The male modeling business was seldom known for, say, Zoolander and Hansel fighting to the death. But then along came Black Lives Matter, so the London fashion world has recently been culturally enriched by one black male model murdering another one.
From the New York Times news section:
He was a shining star of a tight-knit group of rising Black male models in London. Why did he die at the hands of another model?
By Alexis Okeowo
Published April 20, 2021
When Harry Uzoka was 17, he went with his older brother, who was trying to get ahead in modeling, to a meeting at a talent agency in West London, a place of fairy-tale wealth with Edwardian homes and fertile parks. Uzoka grew up in Dagenham, a working-class neighborhood across the city with a growing Nigerian community. He and his brother were raised by a mother who, like other West African immigrants, traded her homeland for London — cold and indifferent but also possessing free education and more jobs — so that her children could thrive. Uzoka did well in school, but he had recently served a stint in juvenile detention for robbing a cash-delivery van.
And then about ten million words about how the British fashion business was prejudiced against black male models, but now they are in fashion.
… At 25, Harry Uzoka had become one of Britain’s most adored male models. And so it later shocked his friends, family and much of the fashion industry that on a clear winter day in 2018, Uzoka was killed by another rising Black male model named George Koh.
And then back to a few more million words about white people’s attitudes toward blackness made it tough on the somewhat less successful African model George Koh, who responded by ginning up rapper-style beefs with the big star Uzoka:
As the culture evolved, young men like Uzoka seemed to no longer view modeling as incompatible with their masculinity. Succeeding in an industry that valued beauty required male models to show aspects of themselves that could make them uneasy, like their femininity and vulnerability. But making money off your looks became a flex, a skill that could garner fame and access to the same luxuries more conventional celebrities had. And so two at-times-conflicting ideas lay under the hierarchy of male modeling: beauty and the openness it required, and a conception of manliness that still prized dominance and swagger. …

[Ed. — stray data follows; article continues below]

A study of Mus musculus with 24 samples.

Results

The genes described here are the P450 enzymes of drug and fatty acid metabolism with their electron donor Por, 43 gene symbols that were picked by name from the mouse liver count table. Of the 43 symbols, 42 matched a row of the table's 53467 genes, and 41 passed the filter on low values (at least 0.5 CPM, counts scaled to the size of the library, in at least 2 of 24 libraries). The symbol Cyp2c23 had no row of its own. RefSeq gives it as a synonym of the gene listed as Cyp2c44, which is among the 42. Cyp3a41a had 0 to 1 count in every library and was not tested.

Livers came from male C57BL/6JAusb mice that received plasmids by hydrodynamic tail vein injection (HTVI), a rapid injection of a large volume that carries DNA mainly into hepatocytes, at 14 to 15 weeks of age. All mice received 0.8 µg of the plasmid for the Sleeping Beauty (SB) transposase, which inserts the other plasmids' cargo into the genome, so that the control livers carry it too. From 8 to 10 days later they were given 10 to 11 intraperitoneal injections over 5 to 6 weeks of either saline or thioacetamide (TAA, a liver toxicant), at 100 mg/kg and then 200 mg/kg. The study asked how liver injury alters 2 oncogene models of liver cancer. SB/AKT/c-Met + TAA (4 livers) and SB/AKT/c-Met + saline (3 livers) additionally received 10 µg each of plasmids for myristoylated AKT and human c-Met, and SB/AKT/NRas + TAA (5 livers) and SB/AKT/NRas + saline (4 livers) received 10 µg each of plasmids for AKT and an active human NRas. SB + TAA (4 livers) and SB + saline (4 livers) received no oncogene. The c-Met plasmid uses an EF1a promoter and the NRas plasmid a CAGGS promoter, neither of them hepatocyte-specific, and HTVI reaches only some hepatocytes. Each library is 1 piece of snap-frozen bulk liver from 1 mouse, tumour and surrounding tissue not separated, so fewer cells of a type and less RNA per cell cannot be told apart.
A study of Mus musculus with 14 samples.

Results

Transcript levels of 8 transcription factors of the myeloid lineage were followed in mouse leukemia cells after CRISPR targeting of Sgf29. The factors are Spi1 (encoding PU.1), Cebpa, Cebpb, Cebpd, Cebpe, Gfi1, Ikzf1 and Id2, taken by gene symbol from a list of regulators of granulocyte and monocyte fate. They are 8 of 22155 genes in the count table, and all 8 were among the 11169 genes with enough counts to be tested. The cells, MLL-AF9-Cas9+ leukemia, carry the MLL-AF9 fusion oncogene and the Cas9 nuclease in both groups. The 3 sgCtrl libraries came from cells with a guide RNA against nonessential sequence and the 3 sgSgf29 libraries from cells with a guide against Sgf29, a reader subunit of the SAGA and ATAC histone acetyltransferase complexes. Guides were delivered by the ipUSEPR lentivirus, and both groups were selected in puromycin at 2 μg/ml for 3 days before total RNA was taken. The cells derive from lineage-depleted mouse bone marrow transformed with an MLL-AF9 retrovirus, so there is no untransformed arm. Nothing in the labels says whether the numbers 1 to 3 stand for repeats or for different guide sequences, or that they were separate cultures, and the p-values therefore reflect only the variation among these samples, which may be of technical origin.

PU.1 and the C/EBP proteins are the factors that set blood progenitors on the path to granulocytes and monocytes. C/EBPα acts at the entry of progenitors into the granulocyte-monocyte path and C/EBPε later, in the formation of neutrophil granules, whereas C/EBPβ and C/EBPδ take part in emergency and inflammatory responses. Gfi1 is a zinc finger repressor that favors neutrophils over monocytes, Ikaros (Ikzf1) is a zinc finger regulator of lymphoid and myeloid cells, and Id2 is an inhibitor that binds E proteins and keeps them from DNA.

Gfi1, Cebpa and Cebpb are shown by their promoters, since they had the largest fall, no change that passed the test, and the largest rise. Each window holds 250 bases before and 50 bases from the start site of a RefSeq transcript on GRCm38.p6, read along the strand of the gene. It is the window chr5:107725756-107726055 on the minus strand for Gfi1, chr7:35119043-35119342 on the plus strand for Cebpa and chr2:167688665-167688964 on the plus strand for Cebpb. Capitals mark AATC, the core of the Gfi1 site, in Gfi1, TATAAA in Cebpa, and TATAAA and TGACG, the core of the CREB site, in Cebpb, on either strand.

Two days after their phone conversation, Koh texted Uzoka. “Where you,” he wrote. “I’ll come there we can fight, bring your friends with you.”
Koh persuaded Okigbo and another longtime friend, Merse Dikanda, to accompany him….
“Come Shepherd’s Bush,” Uzoka responded over text, referring to the neighborhood where he lived. Within minutes, Koh showed up near Uzoka’s flat, holding a knife in each hand. Dikanda carried a machete.
Uzoka and his roommate, Adrian Harper, took apart a set of dumbbells in their living room, Harper later testified. Armed with the metal bars, they went into the street.
Is a street fight with metal weapons really a good idea for professional models?
Across a parking lot, they saw Koh and his friends walking away. “Yo, George!” Uzoka called out. The men turned around, and the groups approached each other.
While Okigbo chased Harper back to the flat, Koh and Dikanda cornered Uzoka between two cars, his back against a fence. A neighbor who passed them at that moment later testified that Uzoka “was standing like he might have been a little scared.” He swung the metal bar he had brought with him, but Koh stabbed Uzoka three times, piercing his heart.
At least our society has progressed far enough away from racism so that no nonblack would dare suggest to blacks that they try murdering each other less and see how that works out for them.